Develop a TopicLocate InformationEvaluate and Analyze SourcesResearch Task Force
Standard 1: InquiryStandard 2: Personal GrowthStandard 3: Social Responsibility

Evaluate and Analyze Sources Print Page

Primary Sources

-Diaries or journals
-Newsreel footage
-Art (Visual & Permorming)
-Government documents (treaties)
-Speeches
-Autobiographies
-Newspaper articles (written at the time of an event)

Secondary Sources

-Books about a topic
-Biographies
-Textbook
-Reference books (although might contain a reprinted portion of a primary source)
-Journal and magazine articles
-Newspaper articles (written about an event after it happened)

Find more information about primary and secondary sources.

 

  


 

Make Sure and Evaluate All Websites

Currency: the timeliness of the information

  • When was the information published or posted?
  • Has the information been revised or updated?
  • Is the information current or out-of date for your topic?
  • Are the links functional?

Relevance: the importance of the information for your needs

  • Does the information relate to your topic or answer your question?
  • Who is the intended audience?
  • Is the information at an appropriate level (i.e. not too elementary or advanced for your needs)?
  • Have you looked at a variety of sources before determining this is one you will use?
  • Would you be comfortable using this source for a research paper?

Authority: the source of the information

  • Who is the author/publisher/source/sponsor?
  • Are the author's credentials or organizational affiliations given?
  • What are the author's credentials or organizational affiliations given?
  • What are the author's qualifications to write on the topic?
  • Is there contact information, such as a publisher or e-mail address?
  • Does the URL reveal anything about the author or source?.com (commercial), .edu (educational), .gov (U.S. government), .org (nonprofit organization), or .net (network)

Accuracy: the reliability, truthfulness, and correctness of the content, and

  • Where does the information come from?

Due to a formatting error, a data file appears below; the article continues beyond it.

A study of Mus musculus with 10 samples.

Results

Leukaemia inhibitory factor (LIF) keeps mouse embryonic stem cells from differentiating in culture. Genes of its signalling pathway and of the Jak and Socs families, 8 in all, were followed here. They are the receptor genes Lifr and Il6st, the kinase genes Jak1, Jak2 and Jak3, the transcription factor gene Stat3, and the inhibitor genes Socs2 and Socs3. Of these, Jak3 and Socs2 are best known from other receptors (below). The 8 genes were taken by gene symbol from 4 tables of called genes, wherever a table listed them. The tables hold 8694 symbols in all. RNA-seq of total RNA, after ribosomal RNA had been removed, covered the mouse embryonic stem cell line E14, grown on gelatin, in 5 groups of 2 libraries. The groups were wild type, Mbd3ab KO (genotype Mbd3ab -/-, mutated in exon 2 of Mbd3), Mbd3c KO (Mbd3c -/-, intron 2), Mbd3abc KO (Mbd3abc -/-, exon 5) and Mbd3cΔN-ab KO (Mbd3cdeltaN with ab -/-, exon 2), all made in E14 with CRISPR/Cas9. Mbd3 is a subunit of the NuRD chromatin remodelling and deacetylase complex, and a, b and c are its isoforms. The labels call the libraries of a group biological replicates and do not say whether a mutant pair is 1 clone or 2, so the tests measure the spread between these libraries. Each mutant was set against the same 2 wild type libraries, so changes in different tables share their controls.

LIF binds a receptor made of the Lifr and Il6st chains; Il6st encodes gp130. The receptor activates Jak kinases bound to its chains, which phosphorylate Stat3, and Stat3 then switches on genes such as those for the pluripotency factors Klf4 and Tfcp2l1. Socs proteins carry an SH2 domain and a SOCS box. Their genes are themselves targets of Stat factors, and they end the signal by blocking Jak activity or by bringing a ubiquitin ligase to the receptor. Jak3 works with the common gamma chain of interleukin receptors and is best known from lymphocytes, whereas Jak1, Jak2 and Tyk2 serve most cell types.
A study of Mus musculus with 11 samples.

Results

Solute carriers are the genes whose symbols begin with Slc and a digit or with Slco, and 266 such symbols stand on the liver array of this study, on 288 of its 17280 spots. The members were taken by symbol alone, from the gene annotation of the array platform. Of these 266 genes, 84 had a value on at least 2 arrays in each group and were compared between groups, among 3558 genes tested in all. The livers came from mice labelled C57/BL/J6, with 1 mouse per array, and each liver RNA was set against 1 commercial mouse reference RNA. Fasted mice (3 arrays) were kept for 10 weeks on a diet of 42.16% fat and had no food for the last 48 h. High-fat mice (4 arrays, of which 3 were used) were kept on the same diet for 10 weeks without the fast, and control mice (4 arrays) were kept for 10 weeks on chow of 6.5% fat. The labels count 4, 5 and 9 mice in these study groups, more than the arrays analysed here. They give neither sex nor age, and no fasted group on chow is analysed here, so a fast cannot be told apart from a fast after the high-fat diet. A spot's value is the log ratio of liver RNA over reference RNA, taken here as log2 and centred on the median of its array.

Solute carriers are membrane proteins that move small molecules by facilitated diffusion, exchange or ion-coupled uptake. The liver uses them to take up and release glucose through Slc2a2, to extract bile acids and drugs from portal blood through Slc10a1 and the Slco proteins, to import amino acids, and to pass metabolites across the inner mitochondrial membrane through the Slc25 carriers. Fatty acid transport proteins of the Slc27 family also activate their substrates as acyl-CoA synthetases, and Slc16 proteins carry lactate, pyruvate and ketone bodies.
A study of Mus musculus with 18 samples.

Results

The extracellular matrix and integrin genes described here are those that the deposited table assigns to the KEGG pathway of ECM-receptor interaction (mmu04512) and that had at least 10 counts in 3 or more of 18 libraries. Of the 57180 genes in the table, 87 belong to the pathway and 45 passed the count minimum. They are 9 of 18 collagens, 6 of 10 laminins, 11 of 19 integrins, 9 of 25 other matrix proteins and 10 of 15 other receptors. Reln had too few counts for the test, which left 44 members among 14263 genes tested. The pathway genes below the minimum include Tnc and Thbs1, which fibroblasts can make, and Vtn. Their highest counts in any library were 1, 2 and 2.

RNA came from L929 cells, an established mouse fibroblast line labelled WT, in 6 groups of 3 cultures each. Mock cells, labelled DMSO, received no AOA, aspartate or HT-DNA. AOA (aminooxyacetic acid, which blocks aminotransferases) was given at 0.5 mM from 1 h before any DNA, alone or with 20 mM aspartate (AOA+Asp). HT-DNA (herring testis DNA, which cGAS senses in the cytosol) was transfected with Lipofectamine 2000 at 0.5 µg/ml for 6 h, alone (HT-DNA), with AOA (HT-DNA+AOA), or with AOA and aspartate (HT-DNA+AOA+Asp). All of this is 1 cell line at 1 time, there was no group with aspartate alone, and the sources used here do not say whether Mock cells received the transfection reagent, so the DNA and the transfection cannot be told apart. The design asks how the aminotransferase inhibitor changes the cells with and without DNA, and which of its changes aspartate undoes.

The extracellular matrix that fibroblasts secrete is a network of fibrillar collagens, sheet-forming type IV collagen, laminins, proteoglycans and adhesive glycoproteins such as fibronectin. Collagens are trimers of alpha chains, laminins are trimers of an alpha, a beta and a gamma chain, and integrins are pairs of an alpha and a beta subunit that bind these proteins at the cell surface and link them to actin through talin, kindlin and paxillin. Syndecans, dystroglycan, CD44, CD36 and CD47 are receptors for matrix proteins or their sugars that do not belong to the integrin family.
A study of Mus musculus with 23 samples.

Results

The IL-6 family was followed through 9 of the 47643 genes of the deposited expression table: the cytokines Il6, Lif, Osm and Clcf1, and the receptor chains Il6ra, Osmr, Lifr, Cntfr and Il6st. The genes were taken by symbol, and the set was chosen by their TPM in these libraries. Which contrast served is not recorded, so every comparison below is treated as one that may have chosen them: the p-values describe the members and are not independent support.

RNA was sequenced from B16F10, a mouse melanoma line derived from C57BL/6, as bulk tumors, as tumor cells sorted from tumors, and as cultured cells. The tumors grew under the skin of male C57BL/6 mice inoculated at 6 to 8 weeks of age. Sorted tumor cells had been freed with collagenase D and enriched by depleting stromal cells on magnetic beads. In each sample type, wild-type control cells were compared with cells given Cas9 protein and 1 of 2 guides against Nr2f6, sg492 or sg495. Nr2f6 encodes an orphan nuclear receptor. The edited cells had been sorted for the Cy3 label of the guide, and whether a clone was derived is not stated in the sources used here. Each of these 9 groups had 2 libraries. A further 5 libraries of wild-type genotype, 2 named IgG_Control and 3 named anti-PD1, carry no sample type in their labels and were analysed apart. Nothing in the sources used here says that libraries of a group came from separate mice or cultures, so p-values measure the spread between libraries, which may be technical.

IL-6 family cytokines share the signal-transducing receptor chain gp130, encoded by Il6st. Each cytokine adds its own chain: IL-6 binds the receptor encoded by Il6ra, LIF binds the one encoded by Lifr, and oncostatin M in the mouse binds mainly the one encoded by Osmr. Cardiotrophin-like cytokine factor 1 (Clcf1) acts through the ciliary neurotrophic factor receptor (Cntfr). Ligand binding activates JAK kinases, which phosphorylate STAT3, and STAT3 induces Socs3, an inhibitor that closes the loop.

• Is the information supported by evidence?
  • Has the information been reviewed or refereed?
  • Can you verify any of the information in another source or from personal knowledge?
  • Does the language or tone seem biased and free of emotion?
  • Are there spelling, grammar, or other typographical errors?

Purpose: the reason the information exists

  • What is the purpose of the information? to inform? teach? sell? entertain? persuade?
  • Do the authors/sponsors make their intentions or purpose clear?
  • Is the information fact? opinion? propaganda?
  • Does the point of view appear objective and impartial?
  • Are there political, ideological, cultural, religious, institutional, or personal biases?

By scoring each category on a scale from 1 to 10 (1 = worst, 10=best possible) you can give each site a grade on a 50 point scale for how high-quality it is!

45 - 50 Excellent | 40 - 44 Good | 35 - 39 Average | 30 - 34 Borderline Acceptable | Below 30 - Unacceptable

Courtesy of Meriam Library, California State University, Chico.

  


 

About Using Wikipedia

Wikipedia is a great tool for a summary of a topic. Wikipedia content is constantly revised, and entries vary in quality. Some of the content is excellent, some is questionable.

How can you use Wikipedia in a way that benefits your research process?

  • Scan the article to get general information and terms you can use as keywords for further searching.
  • Scan the article for references and view the External Links. Sometimes these can lead you to excellent books or articles that you can find in the print or digital resources of the Keefe Library or Boston Public Library.
  • Don't reference Wikipedia articles in your paper.
  • As you read Wikipedia articles, you may read notations that call for more evidence, or call attention to bias. These are very constructive principles that highlight some of the areas of improvement needed in an article.

Many educators frown on the use of Wikipedia. Why?

  • Wikipedia content is not necessarily written by subject experts, and may be inadequate or incorrect.
  • Articles in Wikipedia may be changed or deleted between viewings.
  • For research papers, you need authoritative resources, so it is absolutely necessary to consult other sources. 
  • Anyone can search Google or find a Wikipedia article. To demonstrate academic skill, it is important to go beyond these basic tools.

Adapted with permission from  "Web Resources: About Using Wikipedia." Art and Art History. Lane Community College Library LibGuide.